The "father of China's cloning technology," Tong Dizhou, died on March 30th, 1979. He is remembered for his contributions to the field of cloning.
Tong Dizhou was born in Yinxian county in eastern China's Zhejiang province in 1902. He graduated from Shanghai's Fudan University in 1924 with a degree in psychology and received a doctorate in science in 1930 from the Free University of Brussels.
Tong Dizhou learned from famous European embryologists while studying in Belgium. He published several papers after careful observation and research that exerted great effects on the field of biology in Europe at the time.
In 1963, Tong inserted the DNA of a male carp into the egg of a female carp and became the first to successfully clone a fish. He also made breakthroughs in other biological studies and research, finding new ways to control a fish's hereditary variations.
Tong Dizhou was once the director of the biology department of the China Academy of Sciences. He was also the vice-president of the Chinese People's Political Consultative Conference from 1978 to 1979.
A seminar was held on July 12th, 2002 in Beijing to celebrate the 100th anniversary of the birth of Tong Dizhou.
After five years of construction, the first subway in Canada opened in Toronto on March 30th, 1954.
The project was carried out by the publicly owned Toronto Transit Commission. It proposed building a rapid transit system under Yonge Street, the city's principal north-south artery. The voters of Toronto approved the proposal on January 1st, 1946. Construction commenced in September 1949.
Promising comfort and speed, modernity and convenience, Toronto's Yonge subway was the very first subway line in Canada. It was the beginning of postwar Toronto's efforts to accommodate the demands of the city's emerging prosperity and its future. It spurred intense new apartment and office construction around major intersections. The subway, in effect, shaped modern Toronto.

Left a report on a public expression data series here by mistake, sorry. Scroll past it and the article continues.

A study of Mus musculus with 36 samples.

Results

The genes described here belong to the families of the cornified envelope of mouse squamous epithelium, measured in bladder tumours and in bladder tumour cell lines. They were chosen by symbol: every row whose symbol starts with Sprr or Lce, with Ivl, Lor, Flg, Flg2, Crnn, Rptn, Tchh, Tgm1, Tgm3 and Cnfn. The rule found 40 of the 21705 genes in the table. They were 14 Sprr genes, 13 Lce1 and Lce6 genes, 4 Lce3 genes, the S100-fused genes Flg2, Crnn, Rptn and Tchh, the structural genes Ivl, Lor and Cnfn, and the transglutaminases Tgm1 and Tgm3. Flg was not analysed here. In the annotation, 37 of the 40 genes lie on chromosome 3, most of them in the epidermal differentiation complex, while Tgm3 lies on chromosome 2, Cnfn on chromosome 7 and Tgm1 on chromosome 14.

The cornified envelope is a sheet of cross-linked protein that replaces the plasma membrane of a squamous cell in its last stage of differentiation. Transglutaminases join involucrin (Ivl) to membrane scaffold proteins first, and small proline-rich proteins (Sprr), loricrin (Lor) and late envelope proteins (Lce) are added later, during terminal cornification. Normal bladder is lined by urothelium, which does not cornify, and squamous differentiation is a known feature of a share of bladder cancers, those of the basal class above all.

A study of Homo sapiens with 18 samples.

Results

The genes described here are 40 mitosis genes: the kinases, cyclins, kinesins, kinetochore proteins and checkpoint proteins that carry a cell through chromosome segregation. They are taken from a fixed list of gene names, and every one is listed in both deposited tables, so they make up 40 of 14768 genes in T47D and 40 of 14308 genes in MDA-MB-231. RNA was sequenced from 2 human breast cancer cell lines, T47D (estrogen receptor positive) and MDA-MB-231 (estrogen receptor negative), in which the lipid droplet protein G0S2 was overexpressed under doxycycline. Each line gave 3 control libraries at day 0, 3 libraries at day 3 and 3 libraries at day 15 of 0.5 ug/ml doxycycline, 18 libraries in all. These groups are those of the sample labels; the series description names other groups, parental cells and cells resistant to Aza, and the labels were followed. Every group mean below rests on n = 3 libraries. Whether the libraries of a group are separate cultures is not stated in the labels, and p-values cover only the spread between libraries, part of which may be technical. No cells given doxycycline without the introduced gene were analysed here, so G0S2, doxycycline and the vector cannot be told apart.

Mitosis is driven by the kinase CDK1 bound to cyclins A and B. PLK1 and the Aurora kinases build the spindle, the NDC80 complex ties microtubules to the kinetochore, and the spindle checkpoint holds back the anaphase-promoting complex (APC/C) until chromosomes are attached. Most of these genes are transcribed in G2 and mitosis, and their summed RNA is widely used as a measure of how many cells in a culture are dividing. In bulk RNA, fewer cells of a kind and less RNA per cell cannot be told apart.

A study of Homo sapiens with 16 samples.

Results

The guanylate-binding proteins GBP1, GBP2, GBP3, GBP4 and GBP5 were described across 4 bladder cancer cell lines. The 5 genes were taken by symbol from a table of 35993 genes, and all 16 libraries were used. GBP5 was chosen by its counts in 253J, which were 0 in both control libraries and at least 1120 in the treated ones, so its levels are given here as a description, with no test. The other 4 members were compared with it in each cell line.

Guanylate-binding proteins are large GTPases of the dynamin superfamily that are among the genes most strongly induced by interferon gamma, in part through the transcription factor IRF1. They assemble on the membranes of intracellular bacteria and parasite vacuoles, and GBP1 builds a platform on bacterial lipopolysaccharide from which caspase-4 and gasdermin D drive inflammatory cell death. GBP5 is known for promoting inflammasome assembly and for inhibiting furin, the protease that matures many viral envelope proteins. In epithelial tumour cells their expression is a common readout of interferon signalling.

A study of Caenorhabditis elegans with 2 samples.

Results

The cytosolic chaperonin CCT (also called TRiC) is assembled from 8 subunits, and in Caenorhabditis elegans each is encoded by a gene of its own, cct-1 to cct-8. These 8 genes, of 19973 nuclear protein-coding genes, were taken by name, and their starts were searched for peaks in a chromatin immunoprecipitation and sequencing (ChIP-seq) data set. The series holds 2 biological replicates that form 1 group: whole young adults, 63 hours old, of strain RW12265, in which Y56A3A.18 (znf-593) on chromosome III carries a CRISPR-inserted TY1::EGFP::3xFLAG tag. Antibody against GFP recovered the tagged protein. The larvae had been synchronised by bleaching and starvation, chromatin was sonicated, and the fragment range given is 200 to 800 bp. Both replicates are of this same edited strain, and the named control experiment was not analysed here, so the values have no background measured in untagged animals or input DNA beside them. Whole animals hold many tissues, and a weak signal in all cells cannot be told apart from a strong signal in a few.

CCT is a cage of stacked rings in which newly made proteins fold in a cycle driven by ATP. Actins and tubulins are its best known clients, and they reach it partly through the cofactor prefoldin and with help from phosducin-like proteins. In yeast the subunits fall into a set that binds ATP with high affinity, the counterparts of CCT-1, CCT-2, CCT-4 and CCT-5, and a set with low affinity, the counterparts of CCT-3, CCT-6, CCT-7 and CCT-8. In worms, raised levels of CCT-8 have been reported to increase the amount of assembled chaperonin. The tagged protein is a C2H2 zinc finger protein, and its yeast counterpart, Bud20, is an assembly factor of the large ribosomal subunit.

Dutch painter Vincent van Gogh was born on March 30th, 1853. His formal distortions and the humanistic concerns in his paintings made him a principal forerunner of 20th-century expressionism.
Van Gogh spent his early life working at an art dealer firm. After a brief spell as a teacher, he became a missionary in a very poor mining region. He did not start painting until 1880 at the age of 27.
His paintings and drawings include some of the world's best known, most popular and most expensive pieces, including "The Potato Eaters," "Starry Night," "Sunflowers" and "Irises." They are characterized by bold, rhythmic brushstrokes and vivid colors.
He suffered from recurrent bouts of mental illness and during one bout, famously cut off the lower half of his own left ear. On July 27th, 1890, he shot himself in a deserted field and died in the morning two days later.
Van Gogh produced all of his works during the last 20 years of his life, including around 900 paintings and 1,100 drawings or sketches. Most of his best-known works were produced in the final two years of his life, especially in the two months before his death.
His work had a powerful influence on the development of modern painting and he is considered the greatest Dutch painter since Rembrandt.
The first pencil with an attached eraser was patented by Hyman Lipman of Philadelphia on March 30th, 1858.
Until the advent of Lipman's invention, people used separate erasers when writing, drawing and figuring. The inventor conceived the simple idea of combining pencil and eraser in one. His invention offered a pencil with a groove on top into which the eraser was glued.
The patent made Lipman $100,000. However, it was declared invalid later because his invention was actually a combination of two already known things without new use.